Chennai, Aug 24 (IANS) | Publish Date: 8/24/2021 11:39:34 AM IST
Peace brings prosperity, while litigation results in cash and energy outgo. The officials of the All India Chess Federation (AICF) and Chess Association of India (CAI) will vouch for that now.
The AICF is expected to be richer by about Rs.1.30 crore after signing peace treaties with its rivals — CAI and the Calicut registered AICF (AICF-Calicut).
A couple of days back, AICF and CAI announced that the latter will merge with the former so that the sport can progress with a lower number of court cases.
“We had approached the new management of AICF –Sanjay Kapoor, President, and Bharat Singh Chauhan, Secretary — with the merger proposal and ending litigation. They agreed to the idea. With this move, the years of litigation will come to an end and people can focus on the game,” S.L.Harsh, Senior Vice President, CAI told IANS.
“It is to reduce court cases and create a good atmosphere for chess in the country,” Chauhan told IANS. The CAI was a rival organisation to AICF formed several years back and conducted tournaments.
On its part, the AICF not only filed a case against CAI but also, banned the players who had participated in the tournaments organised by its rival.
In order to re-admit the banned chess players into its fold, AICF demanded the full prize money and later some portion of that from the players who had won the CAI organised tournaments.
The AICF also sought an apology letter from the players for readmission.
“We had to travel a long distance to attend to the case that was filed in the Madras High Court,” Harsh a former player and an advocate practicing tax laws hailing from Rajasthan said.
As to the legal formalities of the merger, Harsh said AICF and CAI are registered societies. Under the Societies Act, one organisation can go for dissolution and transfer the assets and liabilities to another.
“While there are no liabilities for CAI, there will be some cash balance and some chess boards and clocks. These will now go to AICF,” Harsh said.
According to him, the state units affiliated with CAI may also get merged with the state units of AICF over a period of time. Both Chauhan and Harsh said there was no agreement on offering positions in AICF to the office bearers of CAI.
“The AICF elections got over and no post can be offered to anyone,” Chauhan said.
While the CAI treaty will bring in little money to AICF’s coffers, it is the peace deal with AICF-Calicut that is expected to boost its cash balance.
It was late P.T.Ummer Koya, a former FIDE Vice President and AICF Secretary who had registered AICF in Calicut in 1991.
Opposing this, chess officials in Tamil Nadu filed a case saying that the AICF registered in Chennai is the real chess body registered in long back and got a favourable verdict.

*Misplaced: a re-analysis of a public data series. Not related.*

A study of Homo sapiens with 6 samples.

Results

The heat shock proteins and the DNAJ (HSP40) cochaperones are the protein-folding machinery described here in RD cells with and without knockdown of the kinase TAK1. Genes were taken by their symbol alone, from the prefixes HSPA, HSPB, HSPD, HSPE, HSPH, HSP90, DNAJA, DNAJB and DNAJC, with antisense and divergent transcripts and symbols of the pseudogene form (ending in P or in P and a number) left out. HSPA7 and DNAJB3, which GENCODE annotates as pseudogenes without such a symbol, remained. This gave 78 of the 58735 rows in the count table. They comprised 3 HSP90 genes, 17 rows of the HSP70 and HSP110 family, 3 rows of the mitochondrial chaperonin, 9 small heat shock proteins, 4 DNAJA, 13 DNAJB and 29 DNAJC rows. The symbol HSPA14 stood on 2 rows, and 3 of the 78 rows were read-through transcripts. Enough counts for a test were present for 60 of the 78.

There is also a case pending between AICF and AICF-Calicut.
As per the current scheme of things, the AICF will withdraw the pending case against AICF-Calicut and get its cash balance.
“Calicut AICF funds will be transferred to AICF soon. It is around Rs.1.30 crore,” Chauhan said.
Be that as it may, the merger of CAI with AICF as things stand now is not going to benefit the players who were banned or who were penalised their prize monies by the latter.
“I welcome AICF President Kapoor’s decision to agree to merge CAI with AICF. But there are some issues,” said Gurpreet Pal Singh a chess player and who was banned by AICF.
“Over 100 chess players had suffered as AICF had banned them for playing in CAI conducted tournaments. In order to readmit them to its fold, the AICF had asked the players to pay it the prize monies won in the CAI tournaments,” Singh said.
“With the merger of CAI with AICF, the next logical step for AICF is to pay back the prize monies collected from the players as a penalty. This will generate goodwill for AICF,” Singh said.
He also said the AICF should also withdraw its appeal filed with the National Company Law Appellate Tribunal (NCLAT) against the Competition Commission of India’s (CCI) order.
“The case has nothing to do with CAI. We are trying to reduce litigation as far as possible,” Chauhan said.
Harsh said it is for the Chess Players Forum (CPF) to take up the refund of the prize money issue with AICF.
Responding to that, International Master V.Saravanan, Joint Secretary CPF told IANS: “If the AICF had collected the prize money from the players for re-admission, then it has to be paid back with interest to them.”
“If AICF wants to be a player-friendly organisation, then it has to withdraw its case with NCLAT and others,” Saravanan added.
It was Singh and Karun Duggal who had filed a case against AICF with the Competition Commission of India (CCI) and got a favourable order.
On July 12, 2018, the CCI had ruled that the undertaking prescribed for players regarding non-participation in events not authorised by it amounted to “restraints” and was violative of the Competition Act of 2002.
The CCI said the non-compliance of such undertaking will result in banning of players and removal of their Elo rating, create entry barriers, foreclose competition and restrict opportunities available to players.
The CCI also imposed a penalty of Rs.692,350 on AICF for infringing the provisions of Section 4 of the Act.
The AICF though has changed its rules in line with CCI order, it has gone on appeal against the order at NCLAT.